Ronald K. Alexander didn’t plan on a dance career.
Diagnosed with scoliosis at 16, Alexander underwent a surgical procedure that left him in a body cast for most of his time at Western High School in Washington, DC. Later, when Alexander’s doctor said he would have to deal with arthritis by the age of 40, he refused to cave to the pre-diagnosis. Instead, he would audition for the Workshop for Careers in the Arts, established by Peggy Cooper Cafritz and Mike Malone, a precursor to the illustrious Duke Ellington School for the Arts in Washington, DC. Drawn to graphic art and music (Alexander played the violin and clarinet as a teenager), he steeped himself in the dance curriculum, too—a way to keep his spine flexible, he says. The workshop led him to new paths: “I went into the program as a visual artist, and I came out a dancer,” Alexander recalls. From that point on, he couldn’t stop dancing.
While attending Boston University to study communications, Alexander became obsessed with studying ballet. “I was doing all of this because of my spine,” he says. “I really did not think that I would ever become a professional dancer.” That was until he found himself training at Canada’s National Ballet School. “The next thing I knew, I was dancing with Rudolf Nureyev at the Metropolitan Opera House in New York City,” Alexander remembers. This was an accomplishment by any measure, but especially for a Black man in the very white ballet world.
His performance career—he landed positions with the National Ballet of Canada, the Iranian National Ballet, the Frankfurt Ballet and Hamburg Ballet—came to an end by choice. “I could have gone on, but I wanted to stop at the top of my career as a performer,” Alexander explains. He dipped his toes into dancemaking but discovered his calling as an educator. He found that he not only enjoyed teaching, but was an invested mentor. “Mr. Alexander’s biggest contribution to dance and dance education is his mentorship of students, specifically dancers of color,” says Sebastian Garcia, Alexander’s former student at the Harlem School of the Arts and the French Academie of Ballet. “He is not someone who gives up on dancers. He always offers something to the next generation.”
To bolster his teaching profile, Alexander earned a master of fine arts in dance from New York University. The education afforded him opportunities to work as a choreographer, teaching artist or administrator at Dance Theatre of Harlem (under the legendary Arthur Mitchell), The Ailey School, Harlem School of the Arts, the Joffrey Ballet School in New York City, the French Academie of Ballet and the Nutmeg Conservatory for the Arts. His work at those institutions culminated in his current posts: He is on faculty at The Ailey School, the Stella Adler School of Acting, the Black Arts Institute and Concepts Dance Academy. Previously, he was the director of education at the RestorationArt Youth Arts Academy in Brooklyn, New York, an organization dedicated to training and providing enrichment opportunities to young people of color.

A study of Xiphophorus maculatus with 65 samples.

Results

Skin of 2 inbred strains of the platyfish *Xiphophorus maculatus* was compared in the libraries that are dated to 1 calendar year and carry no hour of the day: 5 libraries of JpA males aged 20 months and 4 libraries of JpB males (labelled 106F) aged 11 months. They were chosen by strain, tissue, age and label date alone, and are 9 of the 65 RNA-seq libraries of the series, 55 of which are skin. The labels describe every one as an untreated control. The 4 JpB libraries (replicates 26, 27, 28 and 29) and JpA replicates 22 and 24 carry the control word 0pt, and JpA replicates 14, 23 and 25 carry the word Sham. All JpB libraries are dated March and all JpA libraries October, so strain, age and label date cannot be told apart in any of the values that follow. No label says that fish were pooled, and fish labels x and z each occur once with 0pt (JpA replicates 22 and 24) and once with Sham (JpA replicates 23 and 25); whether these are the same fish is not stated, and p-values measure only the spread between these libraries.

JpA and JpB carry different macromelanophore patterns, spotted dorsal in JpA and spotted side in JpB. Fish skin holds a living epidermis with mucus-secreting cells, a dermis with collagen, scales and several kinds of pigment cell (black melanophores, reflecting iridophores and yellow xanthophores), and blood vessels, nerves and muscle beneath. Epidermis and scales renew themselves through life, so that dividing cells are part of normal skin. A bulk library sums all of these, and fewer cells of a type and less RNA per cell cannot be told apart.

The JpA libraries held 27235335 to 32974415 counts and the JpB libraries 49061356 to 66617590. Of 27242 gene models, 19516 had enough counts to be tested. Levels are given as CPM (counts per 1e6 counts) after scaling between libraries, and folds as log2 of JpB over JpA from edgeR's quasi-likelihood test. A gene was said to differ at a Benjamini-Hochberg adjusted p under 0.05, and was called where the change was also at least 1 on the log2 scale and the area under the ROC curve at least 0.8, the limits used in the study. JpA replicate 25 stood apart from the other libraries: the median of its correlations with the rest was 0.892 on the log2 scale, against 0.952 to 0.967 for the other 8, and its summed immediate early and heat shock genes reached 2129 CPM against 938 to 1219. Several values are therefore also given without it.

Alexander says his proudest moment as a teacher is getting to watch his students perform onstage. Many of them wouldn’t be where they are today without his support, particularly in a world, like ballet, that is deeply Eurocentric; a world where ballet slippers and leotards in hues that match the skin tones of Black dancers only recently came into production. “During my development as a dancer, I was very fortunate to have him, among other mentors, to see something in me,” Garcia says. “He also was willing to take me to see major dance performances when my family could not afford tickets. In these moments, he wanted something to be clear: that I never let my love for dance diminish. Mr. Alexander was also very supportive when I was dealing with a major injury,” says Garcia. “He offered stories of his serious injuries and his recovery back to the stage. These actions helped me become the dancer I am now.”
“Ballet is a European artform based on white bodies,” says Alexander. “But that doesn’t mean that people of color can’t do it or cannot participate in it.” His performance lineage and embrace of young dancers of color who feel they don’t fit the typical ballet mold has created space for a more colorful ballet scene, in dance-education institutions and professional companies alike. Some of his past students include Waverly T. Lucas II and Nena Gilreath (co-founders and co-artistic directors of Ballethnic), former Frankfurt Ballet principal Alan Barnes, Metropolitan Opera chief diversity officer Marcia Sells, choreographer Sidra Bell and director-choreographer Camille A. Brown. He has made a way for himself—and such representation matters: It is evidence that a long career in the dance arts is possible, and not just for those who fit the racial and physical preferences of the ballet world.
Now 71, the dance teacher extraordinaire has no plans of stopping. “I’m still running around like a 30-year-old,” Alexander says with a wink. “And I don’t see myself slowing down.”
Editor’s note: Tickets for the 2022 Dance Teacher Awards are available for the ceremony only or for the ceremony with cocktail reception (please reach out to [email protected] to inquire about group ticket pricing). Proceeds from the cocktail party fund the Dance Teacher Scholarship at MOVE|NYC|. Don’t miss the chance to join in community with and be inspired by this network of dance teachers. Get your tickets now! We can’t wait to see you there!